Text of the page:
A half-mile of Crater Rim Drive and Crater Rim Trail west of Kīlauea Overlook to the Uēkahuna bluff parking lot have also reopened. Additionally, public restrooms near the former Jaggar Museum site and a half-mile section of trail connecting Nāmakanipaio Campground to Uēkahuna, also reopened this morning.

“We are so pleased to welcome the community and visitors back to Uēkahuna, one of the most remarkable and revered sites in Hawaiʻi Volcanoes National Park,” said Superintendent Rhonda Loh. “Data from multiple post-disaster assessments indicate the areas do not pose an immediate risk as long as people stay on trail and stay away from the cliff edges. The National Park Service will continue to closely monitor the area, and respond as necessary to any changes.”

Uēkahuna closed in 2018 when magma drained from Halemaʻumaʻu, the summit crater, triggering months of repetitive earthquakes, damaging ash clouds and the eventual collapse of Kīlauea summit. A section of Crater Rim Drive dropped into the crater and park buildings, roads and infrastructure were badly damaged. The volcanic events of 2018 are the most destructive in Hawaiʻi in at least two centuries, park officials stated.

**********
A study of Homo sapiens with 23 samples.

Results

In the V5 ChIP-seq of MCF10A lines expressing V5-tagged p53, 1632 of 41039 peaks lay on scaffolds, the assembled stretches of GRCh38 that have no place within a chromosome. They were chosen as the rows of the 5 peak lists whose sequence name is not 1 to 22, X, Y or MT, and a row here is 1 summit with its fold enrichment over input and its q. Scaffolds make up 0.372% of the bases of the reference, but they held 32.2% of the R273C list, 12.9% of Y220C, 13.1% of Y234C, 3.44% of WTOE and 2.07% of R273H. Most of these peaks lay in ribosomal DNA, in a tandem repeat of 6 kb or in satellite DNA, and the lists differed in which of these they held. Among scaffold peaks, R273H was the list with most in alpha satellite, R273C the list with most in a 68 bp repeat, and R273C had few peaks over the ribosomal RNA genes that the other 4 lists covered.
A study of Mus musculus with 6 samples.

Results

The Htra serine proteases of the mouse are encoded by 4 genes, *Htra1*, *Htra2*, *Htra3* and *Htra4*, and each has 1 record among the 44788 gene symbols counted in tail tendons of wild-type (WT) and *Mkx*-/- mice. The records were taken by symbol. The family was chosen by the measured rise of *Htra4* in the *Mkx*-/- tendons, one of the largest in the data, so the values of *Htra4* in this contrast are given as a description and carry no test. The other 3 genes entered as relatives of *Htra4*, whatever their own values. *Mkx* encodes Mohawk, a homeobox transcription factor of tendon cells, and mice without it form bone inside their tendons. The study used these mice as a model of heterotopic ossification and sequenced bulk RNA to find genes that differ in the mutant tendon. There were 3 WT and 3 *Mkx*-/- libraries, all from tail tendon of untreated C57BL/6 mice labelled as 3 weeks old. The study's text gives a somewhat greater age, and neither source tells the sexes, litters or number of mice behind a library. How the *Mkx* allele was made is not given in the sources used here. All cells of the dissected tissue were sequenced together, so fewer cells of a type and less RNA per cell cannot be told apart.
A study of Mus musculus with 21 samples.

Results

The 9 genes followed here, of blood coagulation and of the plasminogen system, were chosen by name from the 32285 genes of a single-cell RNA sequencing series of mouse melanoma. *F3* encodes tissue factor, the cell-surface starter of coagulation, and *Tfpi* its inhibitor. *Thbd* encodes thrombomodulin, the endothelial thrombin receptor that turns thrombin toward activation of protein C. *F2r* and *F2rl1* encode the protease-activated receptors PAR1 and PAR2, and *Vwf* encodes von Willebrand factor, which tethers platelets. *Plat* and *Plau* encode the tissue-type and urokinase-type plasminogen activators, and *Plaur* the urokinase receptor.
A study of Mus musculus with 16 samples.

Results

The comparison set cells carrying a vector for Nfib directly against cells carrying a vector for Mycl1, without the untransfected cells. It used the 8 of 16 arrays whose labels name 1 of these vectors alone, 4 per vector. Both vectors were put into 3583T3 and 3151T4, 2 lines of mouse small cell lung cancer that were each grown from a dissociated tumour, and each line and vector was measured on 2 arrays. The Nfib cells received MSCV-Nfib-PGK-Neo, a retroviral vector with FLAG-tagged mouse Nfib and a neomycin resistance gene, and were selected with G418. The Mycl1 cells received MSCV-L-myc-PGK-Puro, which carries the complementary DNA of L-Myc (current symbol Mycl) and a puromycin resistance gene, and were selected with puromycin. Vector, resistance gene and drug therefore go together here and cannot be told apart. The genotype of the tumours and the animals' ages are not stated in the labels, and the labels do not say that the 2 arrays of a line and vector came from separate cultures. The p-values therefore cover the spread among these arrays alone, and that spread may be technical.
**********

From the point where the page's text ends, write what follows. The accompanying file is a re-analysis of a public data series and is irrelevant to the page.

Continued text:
Across Kaluapele, the steaming crater, the faded centerline from the fallen road can be seen. On a clear day, the slopes of Mauna Loa are visible.

The National Park Service invested significant effort into making the trails and Uēkahuna safe to reopen. Workers installed post and cable railing between Kīlauea Overlook to the west of the former Jaggar Museum to keep people away from hazards like undercut edges, earth cracks and sinkholes, and for resource protection.


Native Hawaiians have come to Uēkahuna long before the park was established to connect to their ancestral home. Be respectful of others, and allow them to practice their traditions privately.

To learn more about the potent wahi pana (legendary place) of Uēkahuna, click here.